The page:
Address and directions
Blanická 2135/13, Římská 2135/45
120 00 Prague (Praha), Czechia
Public transport: Náměstí Míru Underground A, Tram 4, 10, 13, 16, 22, Bus 135
Today's use: Multifunctional building
#Multifunctional building #Prague (Praha) #1926
The corner of the building is designed as a prominent tower. As the building was built for the Czech Fire Brigade Association, the tower was symbolically the sign of a hose tower, typical of many fire stations. The poles between the 7th and 9th floors are symbolising hoses. But this tower was not used for hanging and drying fire hoses, but housed a conference room and bedrooms for firefighters.
The tower has balconies in front from the 3rd to the 6th floor, which are used by residents of the adjacent flats located on these floors.
The windows of the flats and bedrooms are designed as casement windows. In contrast to these and also the vertical tower, the windows on the 1st and 2nd floors are carried out as horizontal ribbon windows. The rooms behind those windows are offices.
The ground floor zone is a space for restaurants and shops.
A smaller building in the courtyard is connected to the front building. It was opened as a cinema, theatre and variety theatre. Today, the building houses the theatre u Hasičů.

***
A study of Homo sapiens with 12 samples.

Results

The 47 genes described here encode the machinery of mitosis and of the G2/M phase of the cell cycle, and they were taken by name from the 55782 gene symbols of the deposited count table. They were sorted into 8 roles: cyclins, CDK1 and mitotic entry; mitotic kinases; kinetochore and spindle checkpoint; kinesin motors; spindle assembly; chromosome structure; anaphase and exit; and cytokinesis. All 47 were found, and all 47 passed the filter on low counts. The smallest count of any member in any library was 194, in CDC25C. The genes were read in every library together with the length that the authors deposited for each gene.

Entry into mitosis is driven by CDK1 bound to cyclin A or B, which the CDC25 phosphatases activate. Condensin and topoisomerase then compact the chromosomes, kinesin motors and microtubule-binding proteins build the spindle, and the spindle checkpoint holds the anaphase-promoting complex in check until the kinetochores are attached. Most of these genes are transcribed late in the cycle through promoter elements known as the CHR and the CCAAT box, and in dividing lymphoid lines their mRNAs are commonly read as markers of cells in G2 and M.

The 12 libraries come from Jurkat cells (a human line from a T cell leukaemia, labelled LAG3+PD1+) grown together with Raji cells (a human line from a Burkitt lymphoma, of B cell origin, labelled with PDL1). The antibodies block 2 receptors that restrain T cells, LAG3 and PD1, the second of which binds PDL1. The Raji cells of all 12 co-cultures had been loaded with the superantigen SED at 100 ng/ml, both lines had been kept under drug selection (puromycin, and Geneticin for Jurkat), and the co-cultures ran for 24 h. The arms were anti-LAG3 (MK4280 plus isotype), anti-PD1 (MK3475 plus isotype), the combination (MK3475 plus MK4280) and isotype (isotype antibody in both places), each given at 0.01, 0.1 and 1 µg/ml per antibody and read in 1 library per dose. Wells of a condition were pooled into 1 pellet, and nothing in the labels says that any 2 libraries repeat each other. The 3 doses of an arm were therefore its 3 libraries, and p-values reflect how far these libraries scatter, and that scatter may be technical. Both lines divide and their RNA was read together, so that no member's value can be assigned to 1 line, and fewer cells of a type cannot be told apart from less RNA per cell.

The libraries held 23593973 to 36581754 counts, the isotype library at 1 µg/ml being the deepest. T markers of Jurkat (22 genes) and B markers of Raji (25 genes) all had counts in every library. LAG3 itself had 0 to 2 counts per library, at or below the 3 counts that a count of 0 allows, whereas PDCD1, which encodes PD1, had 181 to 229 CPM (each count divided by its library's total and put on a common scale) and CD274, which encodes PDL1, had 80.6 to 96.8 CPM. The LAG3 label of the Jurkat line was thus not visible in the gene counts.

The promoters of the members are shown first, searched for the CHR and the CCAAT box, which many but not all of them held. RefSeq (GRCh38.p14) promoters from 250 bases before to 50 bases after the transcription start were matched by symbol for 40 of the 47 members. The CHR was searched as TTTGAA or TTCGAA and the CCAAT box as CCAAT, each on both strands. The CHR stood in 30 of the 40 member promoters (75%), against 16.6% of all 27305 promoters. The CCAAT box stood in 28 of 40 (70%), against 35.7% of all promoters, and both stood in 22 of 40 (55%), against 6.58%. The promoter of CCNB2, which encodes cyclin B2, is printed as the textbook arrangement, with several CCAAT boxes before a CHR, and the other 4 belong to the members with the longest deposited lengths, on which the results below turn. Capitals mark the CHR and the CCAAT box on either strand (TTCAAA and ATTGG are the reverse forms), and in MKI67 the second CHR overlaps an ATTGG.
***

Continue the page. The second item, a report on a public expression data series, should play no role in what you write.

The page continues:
Czech art historian Rostislav Švácha considers the Chicago Tribune Tower building by Walter Gropius and Adolf Meyer, which was only planned on paper, as a model for this building. The Czech architect and architecture expert Zdeněk Lukeš recognises impulses from Soviet Constructivism. The House of Soviets in St. Petersburg, built between 1930 and 1935, can be compared to the House of Firemen in the broadest sense.
Prague-Vinohrady was already densely built up until World War I. Only in this area existed still undeveloped plots called Seidlovo pole.
The plans for this building are published in September 1926. On this website they are presented in the gallery. Considering the planning period, this building, with its glass tower, striking balconies and railings, as well as the reduction of architectural forms, can be seen as a very early form of modern architecture in Czechoslovakia.